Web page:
The fascinating life of Whitney Houston

The fascinating life of Whitney Houston

It is without a doubt that Whitney Houston was one of the greatest entertainers of our time. Her powerful voice and stage presence ensured that she sold out stadiums around the world, as fans flocked to see the legend up close.

Now, seven years after her passing, we take a look at the life the singer lived, and while it wasn’t always rainbows and sunshine, this was the legacy she left behind.

She came from a family of singers

It’s no wonder she was gifted with a beautiful voice, as it’s practically in her blood. Her mother, Cissy Houston was a Grammy-winning gospel singer and also worked with Elvis and Aretha Franklin as a backup singer.

Aretha was also Whitney’s godmother.

She grew up on the rougher side of town

During her childhood, Whitney didn’t live a lavish lifestyle, with the performer recalling ducking from gunfire during the 1967 riots in Newark, New Jersey – her hometown.

“I grew up in the ghetto,” she said in her biopic titled Whitney.

Those closest to her called her “Nippy”

The nickname was given to her at a fairly young age and was later on used as an alter ego for Whitney to get away from the fame and drama that came with being in the public eye.

She dated high-profile men

In the early years of her career, Whitney was linked to a string of famous men, including Eddy Murphy, restaurateur Brad Johnson, Robert DeNiro and American football quarterback Randall Cunningham.

She went on to marry Bobby Brown in 1992, with the couple sharing a daughter together.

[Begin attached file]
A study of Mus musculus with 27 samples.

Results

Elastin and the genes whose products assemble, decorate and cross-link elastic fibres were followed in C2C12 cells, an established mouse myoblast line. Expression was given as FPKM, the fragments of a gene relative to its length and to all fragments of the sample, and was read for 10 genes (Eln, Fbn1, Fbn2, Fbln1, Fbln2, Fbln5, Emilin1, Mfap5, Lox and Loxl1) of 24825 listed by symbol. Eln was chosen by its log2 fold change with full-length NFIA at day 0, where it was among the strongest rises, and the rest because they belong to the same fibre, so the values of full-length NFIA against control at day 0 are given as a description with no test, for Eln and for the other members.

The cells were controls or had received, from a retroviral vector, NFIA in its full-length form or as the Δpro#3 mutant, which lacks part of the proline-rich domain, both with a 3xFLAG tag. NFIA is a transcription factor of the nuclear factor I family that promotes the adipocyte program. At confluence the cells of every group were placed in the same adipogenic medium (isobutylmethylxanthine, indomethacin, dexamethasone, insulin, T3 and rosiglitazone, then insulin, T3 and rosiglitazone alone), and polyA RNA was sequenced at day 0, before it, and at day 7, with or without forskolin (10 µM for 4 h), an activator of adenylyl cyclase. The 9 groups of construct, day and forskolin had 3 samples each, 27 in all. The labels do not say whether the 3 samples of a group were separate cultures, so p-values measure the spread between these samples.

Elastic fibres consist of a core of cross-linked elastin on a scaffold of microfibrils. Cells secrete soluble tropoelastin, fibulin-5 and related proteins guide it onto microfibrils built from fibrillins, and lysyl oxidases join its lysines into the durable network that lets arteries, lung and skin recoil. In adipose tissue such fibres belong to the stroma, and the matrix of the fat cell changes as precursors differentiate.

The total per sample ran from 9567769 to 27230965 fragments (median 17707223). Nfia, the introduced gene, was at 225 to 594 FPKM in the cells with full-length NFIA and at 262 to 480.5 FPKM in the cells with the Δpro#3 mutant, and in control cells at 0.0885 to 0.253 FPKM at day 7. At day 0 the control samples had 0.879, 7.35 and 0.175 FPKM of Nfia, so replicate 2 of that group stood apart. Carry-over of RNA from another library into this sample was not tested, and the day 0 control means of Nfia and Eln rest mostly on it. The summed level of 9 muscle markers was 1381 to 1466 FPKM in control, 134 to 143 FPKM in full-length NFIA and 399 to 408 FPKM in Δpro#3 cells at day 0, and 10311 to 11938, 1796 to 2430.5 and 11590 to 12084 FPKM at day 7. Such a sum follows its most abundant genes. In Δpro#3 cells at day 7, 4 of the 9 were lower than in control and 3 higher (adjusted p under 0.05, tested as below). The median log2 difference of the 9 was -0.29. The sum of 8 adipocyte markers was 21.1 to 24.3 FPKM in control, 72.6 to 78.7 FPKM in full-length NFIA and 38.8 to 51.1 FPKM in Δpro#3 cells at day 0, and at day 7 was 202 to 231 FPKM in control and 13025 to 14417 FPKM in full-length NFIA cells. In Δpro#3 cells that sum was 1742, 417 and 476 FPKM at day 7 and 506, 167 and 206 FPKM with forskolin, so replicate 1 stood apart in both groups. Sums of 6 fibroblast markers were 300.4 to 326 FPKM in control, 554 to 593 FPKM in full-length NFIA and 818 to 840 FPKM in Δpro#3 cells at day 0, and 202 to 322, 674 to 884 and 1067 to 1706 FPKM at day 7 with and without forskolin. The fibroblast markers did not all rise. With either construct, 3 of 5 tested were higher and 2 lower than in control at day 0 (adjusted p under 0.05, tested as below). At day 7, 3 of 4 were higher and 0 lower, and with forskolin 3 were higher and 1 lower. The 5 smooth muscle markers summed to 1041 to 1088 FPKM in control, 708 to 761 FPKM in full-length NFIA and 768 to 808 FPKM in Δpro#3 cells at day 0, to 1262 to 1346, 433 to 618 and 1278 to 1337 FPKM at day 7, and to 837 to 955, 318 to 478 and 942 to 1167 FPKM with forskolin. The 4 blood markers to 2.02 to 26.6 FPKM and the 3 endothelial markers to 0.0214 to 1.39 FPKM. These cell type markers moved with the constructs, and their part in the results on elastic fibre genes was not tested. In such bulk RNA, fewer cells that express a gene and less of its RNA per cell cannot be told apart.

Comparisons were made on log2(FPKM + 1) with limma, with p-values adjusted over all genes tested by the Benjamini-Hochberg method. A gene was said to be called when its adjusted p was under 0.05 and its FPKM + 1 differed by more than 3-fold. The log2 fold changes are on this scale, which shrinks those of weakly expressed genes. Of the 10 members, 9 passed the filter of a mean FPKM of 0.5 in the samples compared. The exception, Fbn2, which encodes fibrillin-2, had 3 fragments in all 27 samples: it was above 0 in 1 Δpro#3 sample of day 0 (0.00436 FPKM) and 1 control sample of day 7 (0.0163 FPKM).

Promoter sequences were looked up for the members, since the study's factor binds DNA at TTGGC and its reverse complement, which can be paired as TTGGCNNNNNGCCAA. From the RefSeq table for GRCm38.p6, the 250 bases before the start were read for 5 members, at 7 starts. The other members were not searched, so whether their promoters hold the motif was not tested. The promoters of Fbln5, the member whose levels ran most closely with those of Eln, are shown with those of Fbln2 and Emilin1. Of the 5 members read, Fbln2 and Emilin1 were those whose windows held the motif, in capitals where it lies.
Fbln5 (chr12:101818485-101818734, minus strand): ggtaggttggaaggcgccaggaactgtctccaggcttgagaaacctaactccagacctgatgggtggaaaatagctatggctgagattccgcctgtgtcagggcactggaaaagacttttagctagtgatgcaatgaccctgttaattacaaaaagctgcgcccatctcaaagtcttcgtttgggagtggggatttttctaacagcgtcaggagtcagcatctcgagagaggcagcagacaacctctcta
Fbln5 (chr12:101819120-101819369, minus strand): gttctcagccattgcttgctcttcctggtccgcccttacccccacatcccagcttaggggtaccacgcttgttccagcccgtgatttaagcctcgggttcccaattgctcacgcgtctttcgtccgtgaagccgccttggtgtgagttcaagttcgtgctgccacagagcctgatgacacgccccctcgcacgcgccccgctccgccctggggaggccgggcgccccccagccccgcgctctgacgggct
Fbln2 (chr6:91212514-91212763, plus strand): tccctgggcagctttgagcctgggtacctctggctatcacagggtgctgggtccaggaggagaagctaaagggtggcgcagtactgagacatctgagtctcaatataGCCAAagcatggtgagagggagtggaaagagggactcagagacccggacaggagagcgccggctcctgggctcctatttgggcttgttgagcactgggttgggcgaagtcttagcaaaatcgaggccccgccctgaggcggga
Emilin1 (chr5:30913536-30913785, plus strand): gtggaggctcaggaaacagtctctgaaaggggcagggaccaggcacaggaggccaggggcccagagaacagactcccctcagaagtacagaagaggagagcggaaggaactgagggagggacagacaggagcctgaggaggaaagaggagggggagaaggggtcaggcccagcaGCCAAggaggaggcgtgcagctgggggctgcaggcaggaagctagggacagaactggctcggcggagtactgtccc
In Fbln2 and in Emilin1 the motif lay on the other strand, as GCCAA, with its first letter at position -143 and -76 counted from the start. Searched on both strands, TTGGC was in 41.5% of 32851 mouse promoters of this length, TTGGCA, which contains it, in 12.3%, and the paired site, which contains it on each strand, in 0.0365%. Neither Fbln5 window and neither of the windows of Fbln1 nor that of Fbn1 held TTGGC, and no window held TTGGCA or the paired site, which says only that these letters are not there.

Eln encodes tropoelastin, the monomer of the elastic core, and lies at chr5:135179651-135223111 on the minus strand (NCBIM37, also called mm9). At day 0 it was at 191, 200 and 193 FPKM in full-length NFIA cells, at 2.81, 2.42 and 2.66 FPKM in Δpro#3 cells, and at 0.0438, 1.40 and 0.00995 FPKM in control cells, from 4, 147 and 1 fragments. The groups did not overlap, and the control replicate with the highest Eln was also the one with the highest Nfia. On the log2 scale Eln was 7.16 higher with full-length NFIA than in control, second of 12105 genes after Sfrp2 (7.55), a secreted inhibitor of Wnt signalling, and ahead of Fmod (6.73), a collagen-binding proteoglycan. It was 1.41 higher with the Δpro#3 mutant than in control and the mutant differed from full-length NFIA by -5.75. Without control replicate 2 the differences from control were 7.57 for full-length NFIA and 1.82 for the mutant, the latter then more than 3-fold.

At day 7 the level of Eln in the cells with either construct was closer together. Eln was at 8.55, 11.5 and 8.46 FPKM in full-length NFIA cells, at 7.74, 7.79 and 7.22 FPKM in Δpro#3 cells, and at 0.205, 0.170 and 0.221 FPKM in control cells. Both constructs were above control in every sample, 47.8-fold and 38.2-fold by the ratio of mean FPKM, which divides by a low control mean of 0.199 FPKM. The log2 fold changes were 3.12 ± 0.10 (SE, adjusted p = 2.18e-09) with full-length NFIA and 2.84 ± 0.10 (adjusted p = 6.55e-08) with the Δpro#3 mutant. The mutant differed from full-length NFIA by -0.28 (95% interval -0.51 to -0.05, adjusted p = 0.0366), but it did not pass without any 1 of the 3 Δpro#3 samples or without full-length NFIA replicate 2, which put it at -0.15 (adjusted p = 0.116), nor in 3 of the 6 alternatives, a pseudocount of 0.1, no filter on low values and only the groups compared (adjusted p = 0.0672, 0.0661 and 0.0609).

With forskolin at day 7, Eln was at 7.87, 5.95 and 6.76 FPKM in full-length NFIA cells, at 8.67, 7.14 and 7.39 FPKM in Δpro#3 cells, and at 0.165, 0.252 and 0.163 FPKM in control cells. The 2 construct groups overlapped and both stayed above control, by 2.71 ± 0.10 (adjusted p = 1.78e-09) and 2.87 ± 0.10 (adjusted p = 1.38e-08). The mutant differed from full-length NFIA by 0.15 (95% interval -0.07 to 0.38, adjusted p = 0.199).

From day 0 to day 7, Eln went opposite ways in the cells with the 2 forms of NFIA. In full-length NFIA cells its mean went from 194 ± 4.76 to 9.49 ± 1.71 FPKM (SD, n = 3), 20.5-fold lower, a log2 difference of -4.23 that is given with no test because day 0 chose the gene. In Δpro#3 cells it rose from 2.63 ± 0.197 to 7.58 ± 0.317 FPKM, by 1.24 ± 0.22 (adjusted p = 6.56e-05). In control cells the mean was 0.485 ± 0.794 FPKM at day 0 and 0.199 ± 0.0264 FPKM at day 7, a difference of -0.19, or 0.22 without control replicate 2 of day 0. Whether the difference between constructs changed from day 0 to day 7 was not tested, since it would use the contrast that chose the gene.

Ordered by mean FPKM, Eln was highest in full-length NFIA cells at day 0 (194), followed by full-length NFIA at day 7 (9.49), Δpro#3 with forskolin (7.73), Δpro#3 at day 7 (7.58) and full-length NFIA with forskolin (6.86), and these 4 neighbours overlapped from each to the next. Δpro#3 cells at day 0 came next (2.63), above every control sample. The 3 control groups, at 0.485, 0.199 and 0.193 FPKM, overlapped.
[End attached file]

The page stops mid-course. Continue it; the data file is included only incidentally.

She was considered to be a beacon of hope for the black community

Despite being bullied for being lighter-skinned, Houston was eventually embraced by the African American community after she catapulted to fame.

Her defining moment came after she appeared in the movie The Bodyguard alongside Kevin Costner, a film that broke social norms by showing a mixed-race couple at the forefront.

"The idea that she was my leading woman seemed to be a very big deal in the black community. I never saw that, I simply saw she was the cutest, most beautiful girl who could sing, and she happened to be black," recalled Costner.  

"Then I realised that she asked the plane to stop and she ran down the steps that every white woman has run down to kiss Cary Grant or whatever, and the camera went around, the way it went around white people kissing throughout the history of Hollywood and we forgot about what colour everyone was. That did change everything."

In 1994, Houston went on to play in post-apartheid South Africa where she dedicated her performance to Nelson Mandela. All proceeds were donated to local children’s charities.